Clear Channel Buys One of Last Independent Alternative Stations in U.S.
A former programmer at WFNX 101.7 FM in Boston said "We may never see the ability of an ordinary American citizen to own a radio station ever again."
One of the last independently owned and operated major market radio frequencies, 101.7 FM in Boston, currently known as WFNX (Alternative Boston), has been sold by the Phoenix Media-Communications Group to Clear Channel Media and Entertainment.
The sale gives Clear Channel its fifth station in the market joining mainstream top 40 WXKS-FM, rhythmic top 40 WJMN, talk WXKS-AM and Spanish Contemporary WKOX-AM. Early reports say the company will change the format of WFNX to something new though nothing official has come from Clear Channel.
"This was a great opportunity to expand our footprint and our listenership in Boston, a key market with millions of fans who love radio as much as we do," Clear Channel CEO John Hogan said in a statement released Wednesday afternoon.
The 29-year-old station was one of the first outlets in the United States to program the alternative format. It has survived and thrived over the years fighting off competitors like CBS Radio's WBCN which dropped alternative music for an all-sports format in 2009, despite having a signal deficiency that prevented it from being heard throughout the entire market.
In an emotional memo posted on the Web site of the Boston Phoenix, which is owned by Phoenix Media, Chairman and Chief Executive Officer Stephen Mindich extolled the station's many achievements over the years but cites financial reasons for the change saying, "for some time it has been difficult to sustain the station -- especially since the start of the Great Recession. And that is why the station is being sold."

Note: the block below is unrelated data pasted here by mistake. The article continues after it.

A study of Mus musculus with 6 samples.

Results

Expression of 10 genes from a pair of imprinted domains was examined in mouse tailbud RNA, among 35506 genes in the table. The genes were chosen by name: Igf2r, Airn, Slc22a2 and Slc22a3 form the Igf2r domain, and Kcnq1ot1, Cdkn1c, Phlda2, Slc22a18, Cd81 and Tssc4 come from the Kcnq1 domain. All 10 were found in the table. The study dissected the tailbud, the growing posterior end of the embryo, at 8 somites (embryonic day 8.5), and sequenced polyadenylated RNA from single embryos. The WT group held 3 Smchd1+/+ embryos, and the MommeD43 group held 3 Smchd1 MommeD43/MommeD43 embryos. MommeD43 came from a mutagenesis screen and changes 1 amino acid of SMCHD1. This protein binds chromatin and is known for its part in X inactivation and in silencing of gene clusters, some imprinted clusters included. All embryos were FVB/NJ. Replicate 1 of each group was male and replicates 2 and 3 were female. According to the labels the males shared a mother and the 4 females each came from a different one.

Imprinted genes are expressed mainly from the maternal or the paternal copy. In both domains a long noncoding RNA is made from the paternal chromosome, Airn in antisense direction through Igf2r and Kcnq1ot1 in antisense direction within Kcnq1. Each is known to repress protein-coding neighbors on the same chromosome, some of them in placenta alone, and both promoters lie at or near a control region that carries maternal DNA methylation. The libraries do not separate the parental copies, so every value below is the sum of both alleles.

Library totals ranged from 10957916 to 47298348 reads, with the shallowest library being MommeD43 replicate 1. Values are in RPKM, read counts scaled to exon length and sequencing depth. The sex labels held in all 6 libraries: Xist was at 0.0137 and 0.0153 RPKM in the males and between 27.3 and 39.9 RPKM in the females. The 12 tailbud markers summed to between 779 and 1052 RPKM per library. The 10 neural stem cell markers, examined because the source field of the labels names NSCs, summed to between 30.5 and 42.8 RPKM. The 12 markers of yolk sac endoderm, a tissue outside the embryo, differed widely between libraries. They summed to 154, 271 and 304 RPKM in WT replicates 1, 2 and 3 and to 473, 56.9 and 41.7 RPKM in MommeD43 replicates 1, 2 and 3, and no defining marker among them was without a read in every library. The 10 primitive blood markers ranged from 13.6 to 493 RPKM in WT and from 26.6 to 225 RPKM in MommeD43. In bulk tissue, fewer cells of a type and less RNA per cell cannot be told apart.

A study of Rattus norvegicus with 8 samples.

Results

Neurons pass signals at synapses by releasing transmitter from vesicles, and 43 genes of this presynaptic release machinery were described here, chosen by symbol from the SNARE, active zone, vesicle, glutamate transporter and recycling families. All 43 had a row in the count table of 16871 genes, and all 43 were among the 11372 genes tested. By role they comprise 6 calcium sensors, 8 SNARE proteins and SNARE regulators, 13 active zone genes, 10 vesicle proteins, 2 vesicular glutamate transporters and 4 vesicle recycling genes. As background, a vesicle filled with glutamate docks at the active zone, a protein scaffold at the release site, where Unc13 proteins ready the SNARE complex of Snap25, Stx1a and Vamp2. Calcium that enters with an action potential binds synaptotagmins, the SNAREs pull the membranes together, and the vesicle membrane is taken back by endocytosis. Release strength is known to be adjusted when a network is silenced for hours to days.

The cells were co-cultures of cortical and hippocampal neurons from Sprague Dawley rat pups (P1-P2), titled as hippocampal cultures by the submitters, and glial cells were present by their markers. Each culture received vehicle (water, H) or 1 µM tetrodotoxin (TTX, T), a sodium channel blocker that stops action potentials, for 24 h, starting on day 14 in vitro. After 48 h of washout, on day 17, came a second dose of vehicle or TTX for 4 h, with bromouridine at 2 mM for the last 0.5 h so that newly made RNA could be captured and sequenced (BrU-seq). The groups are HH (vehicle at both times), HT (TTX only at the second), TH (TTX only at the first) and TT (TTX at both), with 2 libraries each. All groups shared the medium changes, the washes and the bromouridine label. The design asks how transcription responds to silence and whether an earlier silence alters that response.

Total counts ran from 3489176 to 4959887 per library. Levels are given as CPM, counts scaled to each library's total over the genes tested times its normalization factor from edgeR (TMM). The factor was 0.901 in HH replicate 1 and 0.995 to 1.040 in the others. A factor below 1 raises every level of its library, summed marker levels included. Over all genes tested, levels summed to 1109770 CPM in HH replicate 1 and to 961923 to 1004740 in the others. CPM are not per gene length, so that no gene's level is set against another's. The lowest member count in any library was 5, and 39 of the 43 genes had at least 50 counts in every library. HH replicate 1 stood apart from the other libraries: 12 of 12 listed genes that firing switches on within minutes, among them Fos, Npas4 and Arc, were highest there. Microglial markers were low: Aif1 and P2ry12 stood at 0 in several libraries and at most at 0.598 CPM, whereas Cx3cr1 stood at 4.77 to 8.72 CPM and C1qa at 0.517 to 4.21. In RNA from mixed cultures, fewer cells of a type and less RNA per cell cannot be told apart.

Max Tolkoff, owner of XPD Promotions who programmed the station twice, once from 1989 to 1994 and again from 2004 to 2007, says Mindich doesn't get enough credit in the radio industry for the pioneering spirit he brought to broadcasting after initially purchasing the station to compliment the Phoenix, his weekly newspaper, "which was the print equivalent of an alternative station."
Tolkoff says Mindich stood firm for years while the station struggled to make money and has held on even as the alternative format's popularity waned in recent years.
Speaking to the current state of the industry, Tolkoff says operators like Mindich are becoming extinct due to the industry's de-regulation in 1993, "we may never see the ability of an ordinary American citizen to own a radio station ever again. Discussing the good old days when stations like this could actually be created by a small group of investors (usually dentists, doctors, and lawyers) is almost like talking about how great life was in Middle Earth."
The station will remain on the air and in format until the license change officially clears the FCC. While events already on the calendar including the annual Best Music Poll will continue though reports indicate the staff has been reduced to just a skeleton crew.